Friday, May. 24, 2019
Alpine ski just part of the story for Hall of Famer Jim Gougeon
2018-06-17
by Randy Pascal

Within Sudbury sporting circles, the Gougeon name is associated, first and foremost, with alpine skiing. With family involved both in the coaching and administrative ranks, Angela Gougeon would rise to prominence, cracking the national World Cup team in 1982.

According to 2018 Sudbury Sports Hall of Fame inductee Jim Gougeon however, alpine ski was but the tip of the athletic iceberg for the local clan. "We were three brothers and we always went out to play, and when we went out to play, we played everything," he said.

"Maybe it was canoeing at the canoe club, or maybe it was archery. When we water-skied at the camp, it was a sport. I was a fully qualified swimming instructor and lifeguard." Not blessed with tremendous height, the retired local teacher still carved out a 14 year career in football.

"I started in high school and played at McGill (University), and came back and played with the (Sudbury) Hardrocks", added Gougeon. "I took a couple of years off and came back to Laurentian in 1967 and played there for a couple of years. That was the end of my career - I wasn't going to the CFL."

Yet it was easily the downhill ski circuit where Gougeon has enjoyed the greatest longevity, returning from his ski teaching gig at Marble Mountain in Newfoundland this past winter, in plenty of time to join the Class of 2018 Hall of Fame crew at a breakfast reception in Sudbury in early May.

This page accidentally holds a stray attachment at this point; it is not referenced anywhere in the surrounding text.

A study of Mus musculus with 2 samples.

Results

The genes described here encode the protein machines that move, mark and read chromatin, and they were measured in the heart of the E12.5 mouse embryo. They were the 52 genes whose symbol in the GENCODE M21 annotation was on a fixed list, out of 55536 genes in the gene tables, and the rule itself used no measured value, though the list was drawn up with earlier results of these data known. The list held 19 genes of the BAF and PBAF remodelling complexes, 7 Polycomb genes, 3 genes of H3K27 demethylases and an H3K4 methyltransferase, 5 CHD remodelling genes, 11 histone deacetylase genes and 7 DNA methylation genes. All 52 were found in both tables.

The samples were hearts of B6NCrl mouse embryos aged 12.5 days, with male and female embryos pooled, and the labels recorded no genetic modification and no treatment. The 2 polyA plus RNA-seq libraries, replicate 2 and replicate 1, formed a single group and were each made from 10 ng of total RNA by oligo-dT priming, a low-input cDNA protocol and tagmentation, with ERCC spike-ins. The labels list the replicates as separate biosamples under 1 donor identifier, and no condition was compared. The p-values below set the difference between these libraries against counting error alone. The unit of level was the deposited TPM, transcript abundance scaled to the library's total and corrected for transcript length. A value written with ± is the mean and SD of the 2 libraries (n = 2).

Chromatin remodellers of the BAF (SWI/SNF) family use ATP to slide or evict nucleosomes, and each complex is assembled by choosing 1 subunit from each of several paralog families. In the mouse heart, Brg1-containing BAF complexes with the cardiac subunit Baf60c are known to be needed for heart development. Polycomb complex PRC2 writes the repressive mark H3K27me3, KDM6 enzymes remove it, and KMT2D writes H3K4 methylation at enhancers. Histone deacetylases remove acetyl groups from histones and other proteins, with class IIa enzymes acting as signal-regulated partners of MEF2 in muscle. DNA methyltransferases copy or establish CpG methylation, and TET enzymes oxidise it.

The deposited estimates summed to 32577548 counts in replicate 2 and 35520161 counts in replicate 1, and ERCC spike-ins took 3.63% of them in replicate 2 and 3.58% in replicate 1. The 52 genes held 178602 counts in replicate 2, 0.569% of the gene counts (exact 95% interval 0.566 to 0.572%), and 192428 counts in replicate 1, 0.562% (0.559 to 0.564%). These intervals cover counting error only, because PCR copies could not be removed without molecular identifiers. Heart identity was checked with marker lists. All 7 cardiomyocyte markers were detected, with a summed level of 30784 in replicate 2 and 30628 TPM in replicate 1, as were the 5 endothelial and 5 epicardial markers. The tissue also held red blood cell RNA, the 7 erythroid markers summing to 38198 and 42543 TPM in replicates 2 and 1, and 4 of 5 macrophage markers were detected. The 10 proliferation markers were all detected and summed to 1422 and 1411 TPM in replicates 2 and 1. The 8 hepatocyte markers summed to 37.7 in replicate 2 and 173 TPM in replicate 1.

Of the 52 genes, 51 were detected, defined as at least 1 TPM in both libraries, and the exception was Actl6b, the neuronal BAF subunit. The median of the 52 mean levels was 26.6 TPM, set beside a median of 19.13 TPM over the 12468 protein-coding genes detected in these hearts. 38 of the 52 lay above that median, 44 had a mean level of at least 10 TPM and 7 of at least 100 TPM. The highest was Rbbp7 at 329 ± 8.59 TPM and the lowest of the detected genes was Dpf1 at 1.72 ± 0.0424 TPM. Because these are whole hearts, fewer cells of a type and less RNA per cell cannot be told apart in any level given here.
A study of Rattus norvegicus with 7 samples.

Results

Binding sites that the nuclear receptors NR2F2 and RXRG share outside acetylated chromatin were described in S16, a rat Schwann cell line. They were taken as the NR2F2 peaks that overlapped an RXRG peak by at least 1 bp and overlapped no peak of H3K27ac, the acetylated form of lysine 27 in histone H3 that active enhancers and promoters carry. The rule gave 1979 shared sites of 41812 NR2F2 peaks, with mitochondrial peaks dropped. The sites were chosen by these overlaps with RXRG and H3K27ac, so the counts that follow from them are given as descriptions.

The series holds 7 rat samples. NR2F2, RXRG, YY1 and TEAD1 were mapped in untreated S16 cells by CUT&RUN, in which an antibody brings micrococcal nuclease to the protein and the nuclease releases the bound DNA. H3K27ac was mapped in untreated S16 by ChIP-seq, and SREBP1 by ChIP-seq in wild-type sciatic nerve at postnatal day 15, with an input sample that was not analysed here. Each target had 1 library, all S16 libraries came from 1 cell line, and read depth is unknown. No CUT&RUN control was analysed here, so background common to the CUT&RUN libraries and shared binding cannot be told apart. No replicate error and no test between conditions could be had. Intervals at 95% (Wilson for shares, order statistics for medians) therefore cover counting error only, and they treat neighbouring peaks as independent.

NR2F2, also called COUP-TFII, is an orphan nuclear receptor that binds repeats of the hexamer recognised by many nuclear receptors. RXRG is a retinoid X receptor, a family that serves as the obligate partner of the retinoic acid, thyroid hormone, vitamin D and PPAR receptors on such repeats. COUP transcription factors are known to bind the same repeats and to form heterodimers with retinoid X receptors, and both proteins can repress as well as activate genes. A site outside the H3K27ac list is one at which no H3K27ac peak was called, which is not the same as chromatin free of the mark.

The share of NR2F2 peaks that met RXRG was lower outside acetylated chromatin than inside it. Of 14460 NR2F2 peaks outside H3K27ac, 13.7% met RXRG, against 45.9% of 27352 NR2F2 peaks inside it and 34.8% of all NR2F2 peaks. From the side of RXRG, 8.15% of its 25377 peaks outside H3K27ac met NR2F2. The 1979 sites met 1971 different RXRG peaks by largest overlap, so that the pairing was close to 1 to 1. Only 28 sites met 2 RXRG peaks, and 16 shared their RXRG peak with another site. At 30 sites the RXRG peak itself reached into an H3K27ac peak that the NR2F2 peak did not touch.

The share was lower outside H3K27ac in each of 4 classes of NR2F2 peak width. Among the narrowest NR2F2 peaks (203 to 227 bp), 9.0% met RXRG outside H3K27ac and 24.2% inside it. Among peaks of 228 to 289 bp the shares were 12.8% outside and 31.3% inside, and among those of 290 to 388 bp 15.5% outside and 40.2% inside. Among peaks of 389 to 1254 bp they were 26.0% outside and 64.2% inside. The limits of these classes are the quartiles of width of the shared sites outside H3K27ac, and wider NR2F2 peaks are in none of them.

The lure of the slopes have long called Gougeon, dating back to his adolescence in northern Ontario. "I skied when I was a teenager, I skied in high school, I skied under (fellow Hall of Famer) Ellis Hazen at Tech with the Nickel Teen Ski Club," summoned the still-talkative senior from the memory banks.

"When I had children, they started skiing at two, three and four years of age. So I got together with Bob Rogers at Laurentian and we started Adanac Laurentian Ski Team. We started them off at the university, because they had a little hill, and then we went to Adanac."

Despite the lack of substantial elevation in the Sudbury area, Gougeon, Rogers and their brethren still managed to produce an impressive core of local ski talent. In fact, the newly annointed Hall of Famer suggested that a quicker treck down an abbreviated slope might well have paid dividends, in some cases.

"The chair lift was shorter, so the kids could get a lot of runs in, and they got good - very good," stated Gougeon. But true to his full-time career teaching profession, Gougeon would derive the greatest enjoyment working with the absolute beginners.

"I would teach the "never evers"," he said with a smile. "They had never skied before. At one time at Adanac, we had 165 kids skiing. We had so much fun for those kids. I guess for about 15 to 20 years, I did that."

And along the way, he would mix in some time for a whole slew of other sports. Because when it comes to the Gougeon clan in Sudbury, it's not all about alpine skiing.